Burnout's Presence Pre-Pandemic
The topic of employee burnout within an organization has been a significant issue long before the onset of the COVID-19 pandemic – in fact, occupational burnout has been studied since the 1970s. Additionally, in recognition of burnout and its existence in our current society, the World Health Organization (WHO) included burnout within the International Classification of Diseases (ICD-11) - officially endorsed in 2019. The costs of burnout, specifically in the healthcare industry, have been well-documented to include reduced work effort, reduced productivity and increased turnover, which have been estimated to account for $4.6 billion of annual losses. To combat such costs, organizations began to offer wellness programs and initiatives to their employees in order to maximize their resilience and personal wellbeing. Unfortunately, only one in five employees access these programs without incentives, and focusing solely on the individual could mean missing out on the power of potential that lies within a group.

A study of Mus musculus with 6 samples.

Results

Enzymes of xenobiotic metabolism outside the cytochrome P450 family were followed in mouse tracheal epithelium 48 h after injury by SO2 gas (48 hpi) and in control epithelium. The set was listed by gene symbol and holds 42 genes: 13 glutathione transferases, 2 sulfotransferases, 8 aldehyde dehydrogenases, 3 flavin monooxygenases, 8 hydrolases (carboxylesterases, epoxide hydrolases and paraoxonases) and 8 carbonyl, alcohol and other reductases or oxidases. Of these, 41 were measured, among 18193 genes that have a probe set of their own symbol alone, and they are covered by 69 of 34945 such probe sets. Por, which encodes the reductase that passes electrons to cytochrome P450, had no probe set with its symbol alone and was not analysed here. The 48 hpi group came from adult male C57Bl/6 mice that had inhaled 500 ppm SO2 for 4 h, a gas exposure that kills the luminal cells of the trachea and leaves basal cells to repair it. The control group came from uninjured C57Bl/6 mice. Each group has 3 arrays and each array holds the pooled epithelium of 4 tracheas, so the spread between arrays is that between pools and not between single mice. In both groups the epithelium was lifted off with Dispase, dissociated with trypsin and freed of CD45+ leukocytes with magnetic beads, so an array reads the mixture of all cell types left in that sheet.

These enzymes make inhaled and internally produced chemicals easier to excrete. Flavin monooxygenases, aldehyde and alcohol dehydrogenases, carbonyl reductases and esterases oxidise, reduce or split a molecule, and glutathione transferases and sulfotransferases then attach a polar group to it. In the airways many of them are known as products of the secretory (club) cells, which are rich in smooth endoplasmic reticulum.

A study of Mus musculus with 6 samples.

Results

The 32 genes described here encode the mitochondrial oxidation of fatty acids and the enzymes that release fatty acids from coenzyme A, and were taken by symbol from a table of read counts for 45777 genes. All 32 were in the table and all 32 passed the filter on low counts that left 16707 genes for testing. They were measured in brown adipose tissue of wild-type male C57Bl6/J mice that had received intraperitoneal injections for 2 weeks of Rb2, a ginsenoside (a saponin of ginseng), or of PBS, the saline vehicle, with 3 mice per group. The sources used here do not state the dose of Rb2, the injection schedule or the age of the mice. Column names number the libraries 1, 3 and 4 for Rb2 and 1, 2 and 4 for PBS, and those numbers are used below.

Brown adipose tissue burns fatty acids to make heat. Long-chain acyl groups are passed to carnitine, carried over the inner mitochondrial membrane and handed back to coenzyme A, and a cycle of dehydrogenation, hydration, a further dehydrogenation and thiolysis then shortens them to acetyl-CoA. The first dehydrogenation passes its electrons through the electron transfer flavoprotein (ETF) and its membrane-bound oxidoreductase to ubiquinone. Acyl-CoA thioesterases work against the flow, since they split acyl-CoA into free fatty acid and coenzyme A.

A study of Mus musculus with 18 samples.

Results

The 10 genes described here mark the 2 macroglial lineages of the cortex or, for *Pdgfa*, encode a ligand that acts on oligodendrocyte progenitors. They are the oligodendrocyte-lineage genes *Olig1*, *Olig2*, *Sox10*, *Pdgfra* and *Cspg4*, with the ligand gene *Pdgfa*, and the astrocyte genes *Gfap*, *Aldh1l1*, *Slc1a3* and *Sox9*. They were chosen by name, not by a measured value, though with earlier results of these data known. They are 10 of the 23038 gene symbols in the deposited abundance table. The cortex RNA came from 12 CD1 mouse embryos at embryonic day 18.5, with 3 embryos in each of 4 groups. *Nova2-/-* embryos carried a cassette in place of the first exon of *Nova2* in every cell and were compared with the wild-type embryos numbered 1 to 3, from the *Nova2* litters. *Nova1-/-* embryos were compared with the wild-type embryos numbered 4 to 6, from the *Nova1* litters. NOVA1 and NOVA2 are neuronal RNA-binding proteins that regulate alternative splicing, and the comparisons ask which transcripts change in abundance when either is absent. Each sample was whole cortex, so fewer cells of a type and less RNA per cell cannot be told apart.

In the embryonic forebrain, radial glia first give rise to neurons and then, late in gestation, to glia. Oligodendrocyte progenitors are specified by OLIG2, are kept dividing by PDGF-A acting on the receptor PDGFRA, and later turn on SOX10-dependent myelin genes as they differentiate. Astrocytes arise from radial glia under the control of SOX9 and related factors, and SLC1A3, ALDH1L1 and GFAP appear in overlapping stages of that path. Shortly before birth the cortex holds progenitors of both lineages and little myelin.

Impact of COVID-19
The onset of the COVID-19 pandemic pushed burnout to unprecedented levels in 2020 – 2.6 billion people went into some form of lockdown, and places of employment were closed or partially closed, affecting 81 percent of the global workforce. The subsequent loneliness and isolation that followed had significant impact – in a recent survey across industries and supervisory roles, respondents reported the following:
- 89 percent of respondents said their work life was getting worse.
- 85 percent said their well-being had declined.
- Only 21 percent rated their well-being as “good,” and a mere 2 percent rated it as “excellent.”